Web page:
By Lucy Carmel, THELAW.TV
Negligent security takes many forms, ranging from slip-and-fall accidents to homicides that could have been deterred.
Properties such as apartment complexes, hotels, shopping centers, bars and nightclubs have an obligation to make sure tenants and visitors are reasonably safe on their premises and in their parking lots.
Property owners need to be proactive by becoming familiar with criminal activity in and around their property.
“Crime can travel from one building and one property to another,” says Hyram M. Montero, P.A., and President of Montero Law. “So it’s the owner’s responsibility to know what’s happening in the area, not just on their premises.”
Property owners can acquire that information from their local police, oftentimes for free. This police report of ongoing crime in the vicinity is the first step in implementing security initiatives to deter crime.
Criminals are everywhere, and crime can happen anywhere. But property owners should look at every way they can protect visitors so they feel relatively secure.
For example, does the property’s parking lot have adequate and working lighting? Is the alarm system functional? Are there structural walls, gates, trees, or fences that close the property up to make it more difficult for potential criminals to enter? If there are security personnel, are there an adequate number of guards, and have they been properly trained? If security is outsourced, has the security company been vetted, and is it reputable?
Negligent security stems from the landowners’ unwillingness or inaction in doing any of these things.
Montero has worked on a variety of negligent security cases. In one instance, an apartment complex tenant became a victim of strong-armed robbery when walking from the parking lot toward his apartment unit. In another case, a female hotel guest became a victim of sexual abuse when another hotel guest forced himself into her room. Another case involved a nightclub, where a patron left and was beaten up by other patrons in the parking lot.
In a negligent security case, the jury is going to examine whether both the property owner and the victim did everything they could to deter the crime. Just because a criminal act occurred doesn’t mean the victim will win in court.
“Negligent security isn’t based on premise that crime is preventable, but that crime can be deterred,” Montero explains. “Do you have measures and methods on your property to deter crime? If so, then property owner would be safe in negligent security case.”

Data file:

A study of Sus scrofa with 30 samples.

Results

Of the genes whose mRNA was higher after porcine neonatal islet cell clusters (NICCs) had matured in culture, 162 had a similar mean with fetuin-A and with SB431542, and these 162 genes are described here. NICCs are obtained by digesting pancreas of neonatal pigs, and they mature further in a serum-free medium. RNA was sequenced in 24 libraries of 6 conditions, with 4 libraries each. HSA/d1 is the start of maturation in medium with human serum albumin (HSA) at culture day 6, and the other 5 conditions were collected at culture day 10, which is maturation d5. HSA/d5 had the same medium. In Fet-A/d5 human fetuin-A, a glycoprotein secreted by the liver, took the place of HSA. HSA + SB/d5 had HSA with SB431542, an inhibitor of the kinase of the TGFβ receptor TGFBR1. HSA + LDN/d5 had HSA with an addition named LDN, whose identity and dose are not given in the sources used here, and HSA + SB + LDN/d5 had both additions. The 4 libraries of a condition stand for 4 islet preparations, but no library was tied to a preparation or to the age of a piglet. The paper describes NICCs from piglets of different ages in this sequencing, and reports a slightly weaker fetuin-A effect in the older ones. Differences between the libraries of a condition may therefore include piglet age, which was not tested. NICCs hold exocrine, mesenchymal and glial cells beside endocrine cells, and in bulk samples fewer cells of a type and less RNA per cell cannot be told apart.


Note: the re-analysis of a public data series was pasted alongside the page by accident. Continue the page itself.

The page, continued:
These cases are difficult to litigate and successfully present before a jury. In some cases, the jury will determine that the owner did everything he or she could have done, or that circumstances such as victims being intoxicated put them at fault.
Under Florida law, for example, victims who are intoxicated above the legal limit at time of the crime are considered more than 50 percent responsible for the incident due to their own negligence.
There are also cases where jury will conclude that there has been an escalation of crime in the area and on the property, so the crime was foreseeable, but the owner did nothing to address the issue.
“All of these cases come down to common sense, on the part of the property owner and on the part of the victim,” says Montero.
How a negligent security case will play out in court could also depends on the state and the season.
During the holidays, owners of shopping complexes have an obligation to beef up security for the busy season.
“There are more customers with cash and more customers preoccupied with bags of presents and products purchased,” says Montero. “They’re more vulnerable.”
Regardless of the time of year or the property’s location, property owners should make their property more welcoming to guests, not criminals.
Hyram Montero of Montero Law practices personal injury, criminal defense and immigration law in Ft. Lauderdale, Florida.